As Hillary Clinton prepares to testify before the House Benghazi on Thursday, newly released testimony from a senior Clinton aide reveals efforts to influence the conclusions an independent board that earlier investigated the State Department’s handling of the 2012 attack.
The Benghazi Accountability Review Board was formed after the assault on the U.S. consulate in Benghazi. It issued a report in December 2012 questioning the leadership at the State Department but ultimately faulted just four mid-level employees.
Clinton’s chief of staff Cheryl Mills told the House Benghazi Committee in September that she was in contact with the review board regarding witness selection and decisions about what to include in its final report, according to testimony released on Wednesday.
"As they were preparing their report, they reached out to say, ‘We have a draft of the report,’" Mills told the committee. "They shared that draft with me. I shared back my observations of instances where there were issues or facts that I thought were relevant for their consideration. They took them, or they didn't. Ultimately, they had to make that judgment."
Mills testified during a closed-door hearing and her statements were initially expected to remain private. Democrats on the Benghazi Committee released the full transcript on Wednesday, arguing that Republicans had been selectively leaking parts of the testimony out of context.
Politico reported last month on Mills’ testimony, but did not include direct quotes from the transcript.
Mills said she does not recall which changes were implemented, but she had multiple exchanges with the review board about her proposed edits.
"I remember having engagements with [review board staffer] Uzra Zeya about the changes, not about how per se they were coming," said Mills. "But it was quite plausible that could have happened. I just don't remember that."
The former Clinton aide also appeared to corroborate a statement from Admiral Michael Mullen, the vice chairman of the Benghazi Accountability Review Board, who said he tipped Mills off about a potentially problematic witness.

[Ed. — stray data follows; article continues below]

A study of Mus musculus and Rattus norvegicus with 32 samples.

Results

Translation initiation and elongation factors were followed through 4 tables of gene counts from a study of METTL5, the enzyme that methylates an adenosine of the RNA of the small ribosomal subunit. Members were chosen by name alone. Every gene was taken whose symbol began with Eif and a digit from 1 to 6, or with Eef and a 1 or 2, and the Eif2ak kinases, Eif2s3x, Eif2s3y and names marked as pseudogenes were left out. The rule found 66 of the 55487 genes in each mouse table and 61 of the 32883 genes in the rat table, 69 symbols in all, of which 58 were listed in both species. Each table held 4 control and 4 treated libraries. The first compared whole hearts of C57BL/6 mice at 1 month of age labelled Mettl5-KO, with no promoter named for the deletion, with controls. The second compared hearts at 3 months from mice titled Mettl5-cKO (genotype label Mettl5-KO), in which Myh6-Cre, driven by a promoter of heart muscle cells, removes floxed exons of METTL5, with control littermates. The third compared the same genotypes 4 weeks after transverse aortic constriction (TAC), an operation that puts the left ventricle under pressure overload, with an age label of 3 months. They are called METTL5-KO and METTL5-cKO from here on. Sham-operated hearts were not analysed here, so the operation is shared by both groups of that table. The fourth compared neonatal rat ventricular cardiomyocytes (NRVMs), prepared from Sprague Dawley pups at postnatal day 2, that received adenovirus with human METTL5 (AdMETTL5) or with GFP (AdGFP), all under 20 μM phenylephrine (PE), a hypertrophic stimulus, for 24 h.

"I don't recall it, but I would have no reason to believe that he wouldn't be accurate about that," said Mills.
Although she said she didn’t remember the content of the conversation, she said she was "sure that if that's his memory that he would be accurately reflecting what he recalls."
Mills also said she and Clinton were briefed by the review board about its assessments, but not its accountability conclusions, during the investigation.
"In the course of their investigation, we had one briefing where they stepped through where they were in their process—and, by that, the other person who was briefed was the secretary—that they stepped through where they were in their process and that they anticipated being on time and what their own assessments were, but that they had not come to conclusions yet about accountability," said Mills.
Democrats on the House Benghazi Committee have accused their Republican colleagues of running a partisan investigation as Clinton prepares to testify on Thursday. Democratic members of the committee published a "spending tracker" on their website to monitor the taxpayer funds spent on the allegedly "partisan attack against Secretary Clinton and her campaign for president."
The chairman of the committee, Republican Rep. Trey Gowdy (S.C.), defended the panel’s work during an interview with CBS on Sunday and said he was focused on the attack in Libya as opposed to adjacent controversies about Clinton’s private email server and her handling of classified information.
"The classification, Clinton Foundation, you name it—I have zero interest," said Gowdy.